One of the most important elements to success in this industry is endurance. You’ve got to outlast, outplay, outwit, outstay everyone else, for one. And secondly, you’ve got to keep at it because, well, it takes a while to build up a reputation as a professional whose work is worth paying for, over and over again.
While some folks shake a raised fist at the ebbs and flows to the amount of work going on in town at any given time, I’d like to recommend getting in tune with those shifts in the tide. Because if you can time your recharging sessions with the “downtime” in the industry, you can be that much more ready to kick butt when things pick up again.
Of course, that’s easier said than done, since everyone knows the second you book a nonrefundable vacation ticket, you’re going to be put on avail for a major class-A network national. Once you confirm your lift tickets, you’re told there’s a pin in you for a series you thought died on the vine.
But that’s okay, right? I mean, if scheduling your life — and the downtime you need to recharge — actually creates more work for you, that’s cool too, yeah? Yeah. I thought so.
Still, there are some somewhat predictable “seasons” to this business, and if you can choose to scoot out of town for a little bit (even just two days a half-day’s drive away) when no one will really care, that’s a great way to recharge. And recharging has great value.
It reminds you that there’s more to life than scouring the breakdowns, clicking submit a dozen times, refocusing your target list, doing drop-offs, mailing submissions for upgraded representation, doing a little resumé feng shui, re-editing your demo reel, meeting with your power group, attending networking events, developing your own project to self-produce, goal-setting, class-taking, rehearsing, auditioning, workshopping, and the blessed event that is the producer session followed by actually getting on set and getting to do the work… finally!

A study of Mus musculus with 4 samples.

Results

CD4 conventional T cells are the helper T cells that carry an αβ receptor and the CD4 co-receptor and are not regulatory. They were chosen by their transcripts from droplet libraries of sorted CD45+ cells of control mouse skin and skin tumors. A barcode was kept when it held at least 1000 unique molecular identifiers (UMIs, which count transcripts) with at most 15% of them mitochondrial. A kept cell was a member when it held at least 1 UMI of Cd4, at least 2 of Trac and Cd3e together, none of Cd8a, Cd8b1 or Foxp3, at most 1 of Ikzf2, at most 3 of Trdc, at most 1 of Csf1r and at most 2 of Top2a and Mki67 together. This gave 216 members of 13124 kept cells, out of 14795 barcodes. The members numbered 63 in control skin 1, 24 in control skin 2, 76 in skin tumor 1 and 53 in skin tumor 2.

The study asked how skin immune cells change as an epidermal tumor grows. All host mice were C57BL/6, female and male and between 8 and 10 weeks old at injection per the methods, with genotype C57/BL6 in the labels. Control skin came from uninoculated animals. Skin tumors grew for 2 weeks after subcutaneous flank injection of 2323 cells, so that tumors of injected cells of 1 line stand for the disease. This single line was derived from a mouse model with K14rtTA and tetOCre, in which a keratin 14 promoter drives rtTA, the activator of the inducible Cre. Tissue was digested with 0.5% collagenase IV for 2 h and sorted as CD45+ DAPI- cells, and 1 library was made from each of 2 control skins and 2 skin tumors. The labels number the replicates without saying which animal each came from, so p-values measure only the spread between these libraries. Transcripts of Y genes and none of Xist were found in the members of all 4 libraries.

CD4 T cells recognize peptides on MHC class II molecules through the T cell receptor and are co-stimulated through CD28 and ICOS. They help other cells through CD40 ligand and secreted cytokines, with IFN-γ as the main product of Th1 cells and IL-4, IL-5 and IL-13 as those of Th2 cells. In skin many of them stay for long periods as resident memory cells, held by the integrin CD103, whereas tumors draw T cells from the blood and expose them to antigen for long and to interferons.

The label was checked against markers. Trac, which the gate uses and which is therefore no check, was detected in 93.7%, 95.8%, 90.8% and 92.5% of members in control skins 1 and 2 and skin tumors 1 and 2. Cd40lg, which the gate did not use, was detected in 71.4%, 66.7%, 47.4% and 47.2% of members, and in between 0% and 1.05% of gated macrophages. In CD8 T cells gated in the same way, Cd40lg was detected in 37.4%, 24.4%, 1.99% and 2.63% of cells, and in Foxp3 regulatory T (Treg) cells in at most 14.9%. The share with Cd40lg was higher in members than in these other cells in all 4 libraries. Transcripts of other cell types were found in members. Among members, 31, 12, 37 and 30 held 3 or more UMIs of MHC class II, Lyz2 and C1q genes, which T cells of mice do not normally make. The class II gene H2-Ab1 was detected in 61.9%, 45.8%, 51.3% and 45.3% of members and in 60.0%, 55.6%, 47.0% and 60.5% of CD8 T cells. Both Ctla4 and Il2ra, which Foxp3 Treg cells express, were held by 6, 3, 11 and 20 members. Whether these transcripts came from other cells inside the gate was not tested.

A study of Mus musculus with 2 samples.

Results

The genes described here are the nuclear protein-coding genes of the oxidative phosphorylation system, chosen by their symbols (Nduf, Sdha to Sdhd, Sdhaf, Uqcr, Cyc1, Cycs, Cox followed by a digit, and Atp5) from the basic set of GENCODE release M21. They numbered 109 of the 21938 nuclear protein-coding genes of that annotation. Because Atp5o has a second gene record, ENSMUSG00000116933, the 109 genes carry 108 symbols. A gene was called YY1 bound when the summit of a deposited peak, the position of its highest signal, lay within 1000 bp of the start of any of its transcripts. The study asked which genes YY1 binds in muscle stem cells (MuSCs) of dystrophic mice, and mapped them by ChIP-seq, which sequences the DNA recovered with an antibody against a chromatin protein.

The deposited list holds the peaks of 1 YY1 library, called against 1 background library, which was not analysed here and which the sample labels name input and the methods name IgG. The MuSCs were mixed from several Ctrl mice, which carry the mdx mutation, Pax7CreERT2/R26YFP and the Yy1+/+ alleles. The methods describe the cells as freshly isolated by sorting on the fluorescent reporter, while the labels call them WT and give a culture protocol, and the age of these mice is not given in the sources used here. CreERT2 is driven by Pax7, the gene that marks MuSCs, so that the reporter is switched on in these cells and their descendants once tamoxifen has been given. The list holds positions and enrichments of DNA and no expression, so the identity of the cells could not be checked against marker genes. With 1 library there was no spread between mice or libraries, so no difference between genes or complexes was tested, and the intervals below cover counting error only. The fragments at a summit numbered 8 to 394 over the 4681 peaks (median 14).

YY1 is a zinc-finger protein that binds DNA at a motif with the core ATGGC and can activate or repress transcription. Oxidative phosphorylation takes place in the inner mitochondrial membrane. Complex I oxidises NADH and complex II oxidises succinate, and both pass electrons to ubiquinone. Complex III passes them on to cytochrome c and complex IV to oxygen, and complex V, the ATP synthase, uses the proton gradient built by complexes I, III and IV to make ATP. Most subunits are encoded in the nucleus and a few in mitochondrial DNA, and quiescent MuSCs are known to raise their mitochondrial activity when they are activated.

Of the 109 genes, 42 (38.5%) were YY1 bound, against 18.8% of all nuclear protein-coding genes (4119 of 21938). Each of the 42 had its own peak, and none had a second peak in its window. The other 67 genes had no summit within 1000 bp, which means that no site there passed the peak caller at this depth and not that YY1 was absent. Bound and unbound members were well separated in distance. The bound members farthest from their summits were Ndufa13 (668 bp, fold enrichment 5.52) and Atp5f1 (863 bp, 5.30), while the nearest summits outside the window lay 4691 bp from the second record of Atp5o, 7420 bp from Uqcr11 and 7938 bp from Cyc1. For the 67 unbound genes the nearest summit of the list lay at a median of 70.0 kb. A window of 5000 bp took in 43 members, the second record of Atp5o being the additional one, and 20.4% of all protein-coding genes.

It puts you in contact with “civilians.” (I highly recommend that you keep a few civilian friends, because their point of view can be incredibly valuable, as you try to maintain balance.) It also reminds you that life is bigger than just this crazy town and all the things we do, daily, in pursuit of the next tier jump. Most importantly, perhaps, it gives you a renewed sense of confidence when you next charge in. Because you’re coming from a place in which you’ve been recharged. You’re renewed, refreshed, restored, and ready to charge in with new energy.
Scheduling these recharging sessions is one of the nicest favors you can do for yourself. Try a getaway as pilot season ends (mid-to-late April), in the summer before midseason starts up (early-to-mid-July), and somewhere in that lovely run of weeks between Thanksgiving and the New Year, when there’s a lot less going on in town. (Of course, there’s always something going on, so these are just suggestions for places you could possibly steal away a few days without too much stress.) I recommend at least one blast of two days off — totally off (which you can define for yourself, but for me it means no phone, email checked only twice per day, and no one outside of the most essential members of my team even aware I’ve gone out of town) — three or four times per year. I know we’re all workaholics, and I don’t judge anyone for choosing work over “real life” most of the time (heavens knows, that describes me most days). But I do know that we’re all better prepared to rock the opportunities we get, to handle the inevitable stresses with grace, and to enjoy the journey in a more comprehensive way when we hang up the GONE FISHIN’ sign every now and then.
How do you recharge? Comments are open below. I’d love to hear how you keep your creative fires stoked, by taking time away from fanning them all the time.
Originally published by Actors Access at http://more.showfax.com/columns/avoice/archives/001170.html. Please support the many wonderful resources provided by the Breakdown Services family. This posting is the author’s personal archive.